Thoughtful. Measured. Sensitive. These are not adjectives one usually deploys to describe movie superstars. But at 34, after 13 years in the Hindi film industry, Deepika Padukone has emerged as a performer of incredible strength and a woman of quiet power. Chairperson of the Mumbai Academy of Moving Image and founder of the Live Love Laugh Foundation that works in the area of mental health, she has repeatedly stood up to bullies, whether it is those who have been critical of Padmaavat or her visiting the campus of Jawaharlal Nehru University to show solidarity with students. She knows her own mind, has found a unique voice, and is now a global celebrity much in demand for her beauty and grace. In an interview upon her return from the World Economic Forum at Davos, where she won the Crystal Award for her work in raising awareness about mental illness, which she described as “extremely gratifying”, she spoke to Kaveree Bamzai about her sensitive performance as acid attack survivor Malti in Meghna Gulzar’s film, Chhapaak, and returning to the movies after two years of “replenishing emotionally”. Unafraid to show her vulnerability, she says, “At a time when we are all struggling to cope, the best thing we can do for ourselves and for humanity is to be ourselves.” Excerpts from the interview:
Did you spend a lot of time with acid attack survivor Laxmi Agarwal by way of research for the character of Malti?
We had to find a balance because at the end of the day Chhapaak is not a biopic. It is inspired by Laxmi Agarwal’s life but at no point did we intend to make me look like her. A large part of it was a discovery for us as well through the process. The similarities that people see, the resemblance in spirit and body language, they just happened organically. I did spend adequate time with her to understand her spirit but in terms of physicality, we had to find a balance between her personality and what I bring to the table.
What was the lesson from her life?
Her courage, her spirit, her determination, her attitude to life, her sense of humour. It’s quite layered. Her confidence, her love for social media, there were a lot of takeaways for me from the film.
At a time when we are all struggling to cope, the best thing we can do for ourselves and for humanity is to be ourselves.
Has the film changed your perception of beauty?
I get asked this question often. I’d like to believe that I’ve had a slightly broader understanding of physical beauty. I didn’t have to learn or discover that through the film. I see beauty in different personalities. Right from the time I was a child, I’ve found people fascinating. I’ve largely been a quiet, shy and awkward person, but with that comes observing a lot of people in my life and I’d like to believe I’ve always found unusual things attractive. That’s what drew me to this character. I find self assured people beautiful. Or authentic people beautiful. Those are the people who stand out in a crowd for me.
How was it working with Meghna Gulzar, the director? What advice did she give you to approach Malti’s role?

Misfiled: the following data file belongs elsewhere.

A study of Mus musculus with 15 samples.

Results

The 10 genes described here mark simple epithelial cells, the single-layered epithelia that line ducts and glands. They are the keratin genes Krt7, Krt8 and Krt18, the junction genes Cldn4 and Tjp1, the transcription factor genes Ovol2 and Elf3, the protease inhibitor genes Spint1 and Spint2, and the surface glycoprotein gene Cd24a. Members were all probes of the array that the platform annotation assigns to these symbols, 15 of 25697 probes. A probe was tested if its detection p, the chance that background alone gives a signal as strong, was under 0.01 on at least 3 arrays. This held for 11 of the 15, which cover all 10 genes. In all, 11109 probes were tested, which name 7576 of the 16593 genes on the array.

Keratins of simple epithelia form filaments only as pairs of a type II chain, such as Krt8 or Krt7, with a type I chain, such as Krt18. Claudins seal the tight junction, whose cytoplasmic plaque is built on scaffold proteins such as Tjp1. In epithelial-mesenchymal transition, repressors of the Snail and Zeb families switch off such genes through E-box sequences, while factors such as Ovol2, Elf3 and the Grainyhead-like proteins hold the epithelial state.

We found a beautiful balance between her guiding me half of the way and letting me find my process for the other half. That’s how we managed to achieve part Laxmi and part Deepika. Without really discussing it too much, I kind of knew what Meghna wanted and she didn’t overdirect. She had enough faith in me as an actor.
The temptation for accomplished actors is to always bring their bag of tricks with them. Did you? Do you have a bag of tricks?
What does that mean? You feel an emotion, you feel a moment and you perform. I’d like to believe my craft doesn’t involve any gimmicks, or any tricks, or games. I try and keep it as honest and organic as possible.
You took an acting break after Padmaavat. How did it affect your performance?
It was much needed. If I hadn’t had that time to replenish emotionally I would not have been able to put so much into Chhapaak. It’s very important for every actor to go through that process of nurturing emotional and creative fertility.
Why did you choose to make Chhapaak your first movie production?
I’d like to believe my craft doesn’t involve any gimmicks, or any tricks, or games. I try and keep it as honest and organic as possible.
I am at a point in my life where I’d like to be part of things–whether it is films or otherwise–that are meaningful, that bring about change and impact people’s lives. Chhapaak was one such film that brings to the fore stories of acid attack survivors and their journey but more importantly their spirit.
What draws you to a film now?
The process of choosing instinctively and honestly hasn’t changed. But a lot of other factors come into play now in terms of my personal evolution and where I am in my life. After all, you are defined by your choices.
What is your advice to young women who want to be you?
Don’t be me, be yourself. Be authentic, be honest, don’t be afraid to be who you are, especially in these times when we are anyway all struggling to cope. The best thing we can do for ourselves and for humanity is to be ourselves and to be honest.
First in a series of interviews special to SheThePeople.TV.